Bikers Against Child Abuse make abuse victims feel safe
These tough bikers have a soft spot: aiding child-abuse victims. Anytime, anywhere, for as long as it takes the child to feel safe, these leather-clad guardians will stand tall and strong against the dark, and the fear, and those who seek to harm.
The 11-year-old girl hears the rumble of their motorcycles, rich and deep, long before she sees them. She chews her bottom lip, nervous.
They are coming for her.
The bikers roar into sight, a pack of them, long-haired and tattooed, with heavy boots and leather vests, and some riding double. They circle the usually quiet Gilbert cul-de-sac, and the noise pulls neighbors from behind slatted wood blinds and glossy front doors.
One biker stops at the mouth of the street, parks in the middle of the road and stands guard next to his motorcycle, arms crossed.
The rest back up to the curb in front of the girl’s house, almost in formation, parking side by side. There are 14 motorcycles in all, mostly black and shiny chrome. The bikers rev their engines again before shutting them down.
The sudden silence is deafening. The girl’s mother takes her hand.
The leader of this motorcycle club is a 55-year-old man who has a salt-and-pepper Fu Manchu and wears his hair down past his shoulders. He eases off his 2000 Harley Road King and approaches the little girl.
He is formidable, and intimidating, and he knows it. So he bends low in front of the little girl and puts out his hand, tanned and weathered from the sun and wind: “Hi, I’m Pipes.”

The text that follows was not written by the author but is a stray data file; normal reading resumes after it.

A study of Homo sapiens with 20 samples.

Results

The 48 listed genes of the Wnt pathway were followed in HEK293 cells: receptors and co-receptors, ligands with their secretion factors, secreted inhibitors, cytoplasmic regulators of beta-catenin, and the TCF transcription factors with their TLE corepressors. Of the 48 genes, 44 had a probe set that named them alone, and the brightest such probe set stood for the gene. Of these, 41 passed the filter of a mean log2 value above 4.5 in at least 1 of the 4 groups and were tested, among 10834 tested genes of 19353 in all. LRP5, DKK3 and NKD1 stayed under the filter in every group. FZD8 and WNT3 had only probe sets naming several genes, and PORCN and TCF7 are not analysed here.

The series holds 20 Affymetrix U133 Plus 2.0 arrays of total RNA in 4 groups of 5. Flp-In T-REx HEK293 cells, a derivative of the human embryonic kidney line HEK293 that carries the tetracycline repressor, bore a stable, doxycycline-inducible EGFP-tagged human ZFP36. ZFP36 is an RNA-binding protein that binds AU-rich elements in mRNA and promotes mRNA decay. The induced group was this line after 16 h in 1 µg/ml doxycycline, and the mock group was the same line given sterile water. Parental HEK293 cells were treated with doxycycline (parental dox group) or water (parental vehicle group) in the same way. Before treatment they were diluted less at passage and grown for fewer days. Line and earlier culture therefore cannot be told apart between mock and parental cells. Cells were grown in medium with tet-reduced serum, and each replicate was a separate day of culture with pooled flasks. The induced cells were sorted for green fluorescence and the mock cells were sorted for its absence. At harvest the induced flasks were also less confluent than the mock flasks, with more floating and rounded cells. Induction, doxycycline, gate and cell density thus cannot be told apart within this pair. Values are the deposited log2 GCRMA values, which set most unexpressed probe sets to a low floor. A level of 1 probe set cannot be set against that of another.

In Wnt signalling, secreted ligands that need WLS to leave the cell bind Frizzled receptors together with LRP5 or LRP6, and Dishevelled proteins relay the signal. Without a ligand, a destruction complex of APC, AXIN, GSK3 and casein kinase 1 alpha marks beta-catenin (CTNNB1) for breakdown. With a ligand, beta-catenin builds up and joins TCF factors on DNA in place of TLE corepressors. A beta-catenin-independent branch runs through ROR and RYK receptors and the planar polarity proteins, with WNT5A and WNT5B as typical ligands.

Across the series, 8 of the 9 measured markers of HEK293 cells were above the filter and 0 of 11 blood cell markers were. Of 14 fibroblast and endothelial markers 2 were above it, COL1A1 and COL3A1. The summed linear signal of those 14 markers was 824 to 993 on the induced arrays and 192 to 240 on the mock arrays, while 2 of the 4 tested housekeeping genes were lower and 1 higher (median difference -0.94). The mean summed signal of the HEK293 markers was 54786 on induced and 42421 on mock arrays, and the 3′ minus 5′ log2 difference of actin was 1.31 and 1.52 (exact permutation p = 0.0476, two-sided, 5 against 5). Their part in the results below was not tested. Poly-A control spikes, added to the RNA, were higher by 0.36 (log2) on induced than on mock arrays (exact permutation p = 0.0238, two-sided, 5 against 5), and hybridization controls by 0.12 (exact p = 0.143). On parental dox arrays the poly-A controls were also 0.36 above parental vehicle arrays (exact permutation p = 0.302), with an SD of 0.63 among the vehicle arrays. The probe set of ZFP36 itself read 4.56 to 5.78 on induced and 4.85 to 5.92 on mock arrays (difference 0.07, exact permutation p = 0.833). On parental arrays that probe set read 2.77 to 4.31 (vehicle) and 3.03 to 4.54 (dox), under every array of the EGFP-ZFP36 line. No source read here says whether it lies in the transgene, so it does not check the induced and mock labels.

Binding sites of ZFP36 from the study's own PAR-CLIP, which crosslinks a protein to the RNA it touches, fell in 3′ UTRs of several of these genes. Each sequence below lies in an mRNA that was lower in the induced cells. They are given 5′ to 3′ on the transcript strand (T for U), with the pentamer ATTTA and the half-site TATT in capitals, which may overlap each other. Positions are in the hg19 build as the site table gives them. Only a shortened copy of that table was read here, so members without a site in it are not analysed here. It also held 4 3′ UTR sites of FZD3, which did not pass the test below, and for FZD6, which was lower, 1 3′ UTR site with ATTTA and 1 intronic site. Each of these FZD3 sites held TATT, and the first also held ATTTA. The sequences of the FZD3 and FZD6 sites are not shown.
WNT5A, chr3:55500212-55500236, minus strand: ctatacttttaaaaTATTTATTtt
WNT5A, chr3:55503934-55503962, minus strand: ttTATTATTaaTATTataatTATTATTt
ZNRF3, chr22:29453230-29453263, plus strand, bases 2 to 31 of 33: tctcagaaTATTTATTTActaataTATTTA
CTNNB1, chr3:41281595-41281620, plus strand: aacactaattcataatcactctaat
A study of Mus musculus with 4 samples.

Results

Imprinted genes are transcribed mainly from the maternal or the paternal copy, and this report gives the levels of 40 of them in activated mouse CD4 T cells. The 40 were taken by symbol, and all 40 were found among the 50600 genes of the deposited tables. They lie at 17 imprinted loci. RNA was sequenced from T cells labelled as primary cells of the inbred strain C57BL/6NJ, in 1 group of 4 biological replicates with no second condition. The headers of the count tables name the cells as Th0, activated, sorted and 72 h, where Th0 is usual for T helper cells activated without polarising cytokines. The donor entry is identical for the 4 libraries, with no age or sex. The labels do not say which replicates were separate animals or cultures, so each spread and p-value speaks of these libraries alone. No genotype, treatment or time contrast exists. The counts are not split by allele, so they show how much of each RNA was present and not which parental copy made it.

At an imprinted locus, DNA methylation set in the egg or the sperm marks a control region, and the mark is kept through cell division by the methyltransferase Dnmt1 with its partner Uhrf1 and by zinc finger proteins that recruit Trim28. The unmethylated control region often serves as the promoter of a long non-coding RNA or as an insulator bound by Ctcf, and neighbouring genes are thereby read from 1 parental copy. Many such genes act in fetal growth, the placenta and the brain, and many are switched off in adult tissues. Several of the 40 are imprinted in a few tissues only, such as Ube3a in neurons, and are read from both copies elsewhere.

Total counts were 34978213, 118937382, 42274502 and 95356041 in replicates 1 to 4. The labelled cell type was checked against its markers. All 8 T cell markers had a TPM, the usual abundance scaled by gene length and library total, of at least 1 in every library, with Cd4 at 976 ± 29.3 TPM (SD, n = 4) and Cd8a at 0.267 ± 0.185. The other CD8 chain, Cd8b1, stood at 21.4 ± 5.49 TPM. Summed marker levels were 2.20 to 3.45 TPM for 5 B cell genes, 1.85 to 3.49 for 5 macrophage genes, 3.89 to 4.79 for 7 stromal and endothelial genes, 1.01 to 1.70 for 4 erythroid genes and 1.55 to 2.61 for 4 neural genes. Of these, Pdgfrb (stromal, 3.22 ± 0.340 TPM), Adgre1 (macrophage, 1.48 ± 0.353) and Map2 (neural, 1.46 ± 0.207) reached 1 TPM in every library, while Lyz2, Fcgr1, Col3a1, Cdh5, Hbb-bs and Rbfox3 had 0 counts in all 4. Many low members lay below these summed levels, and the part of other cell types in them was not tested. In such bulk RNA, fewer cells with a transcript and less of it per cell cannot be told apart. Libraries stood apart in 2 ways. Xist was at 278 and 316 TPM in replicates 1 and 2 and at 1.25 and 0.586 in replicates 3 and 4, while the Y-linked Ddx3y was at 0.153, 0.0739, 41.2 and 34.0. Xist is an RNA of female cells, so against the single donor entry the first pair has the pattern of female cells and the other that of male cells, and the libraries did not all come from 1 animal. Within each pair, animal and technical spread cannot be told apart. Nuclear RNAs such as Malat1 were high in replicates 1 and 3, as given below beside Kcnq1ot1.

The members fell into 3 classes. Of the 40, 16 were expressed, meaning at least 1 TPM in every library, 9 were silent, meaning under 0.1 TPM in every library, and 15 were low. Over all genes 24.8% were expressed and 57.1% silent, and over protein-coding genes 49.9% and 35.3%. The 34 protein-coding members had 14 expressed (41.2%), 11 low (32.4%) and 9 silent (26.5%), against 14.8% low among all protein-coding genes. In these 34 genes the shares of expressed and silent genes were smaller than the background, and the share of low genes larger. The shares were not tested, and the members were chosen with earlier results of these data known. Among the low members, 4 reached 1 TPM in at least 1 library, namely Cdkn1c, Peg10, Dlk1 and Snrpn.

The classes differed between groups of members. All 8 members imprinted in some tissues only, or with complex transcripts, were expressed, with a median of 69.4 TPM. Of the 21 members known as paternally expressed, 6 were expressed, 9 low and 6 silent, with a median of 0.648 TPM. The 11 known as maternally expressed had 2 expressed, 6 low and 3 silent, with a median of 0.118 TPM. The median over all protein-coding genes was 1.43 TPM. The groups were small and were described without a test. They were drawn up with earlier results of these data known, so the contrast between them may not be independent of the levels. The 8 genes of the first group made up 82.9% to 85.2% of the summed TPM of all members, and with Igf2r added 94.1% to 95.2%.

“Nice to meet you,” she says softly, her small hand disappearing in his.
The unruly-looking mob in her driveway is there to help her feel safe again. They are members of the Arizona chapter of Bikers Against Child Abuse International, and they wear their motto on their black leather vests and T-shirts: “No child deserves to live in fear.”
“The biker image is what makes this work,” says Rembrandt, 54, who is tall and wiry strong. “Golfers against child abuse does not have the same feel. The pink alligator shirt and golf shoes standing in the driveway doesn’t do the same thing.”
(No offense to golfers. Some bikers golf, too.)
What Rembrandt knows is that a biker’s power and intimidating image can even the playing field for a little kid who has been hurt. If the man who hurt this little girl calls or drives by, or even if she is just scared, another nightmare, the bikers will ride over and stand guard all night.
If she is afraid to go to school, they will take her and watch until she’s safely inside.
And if she has to testify against her abuser in court, they will go, too, walking with her to the witness stand and taking over the first row of seats. Pipes will tell her, “Look at us, not him.” And when she’s done, they will circle her again and walk her out.
“When we tell a child they don’t have to be afraid, they believe us,” Pipes says. “When we tell them we will be there for them, they believe us.”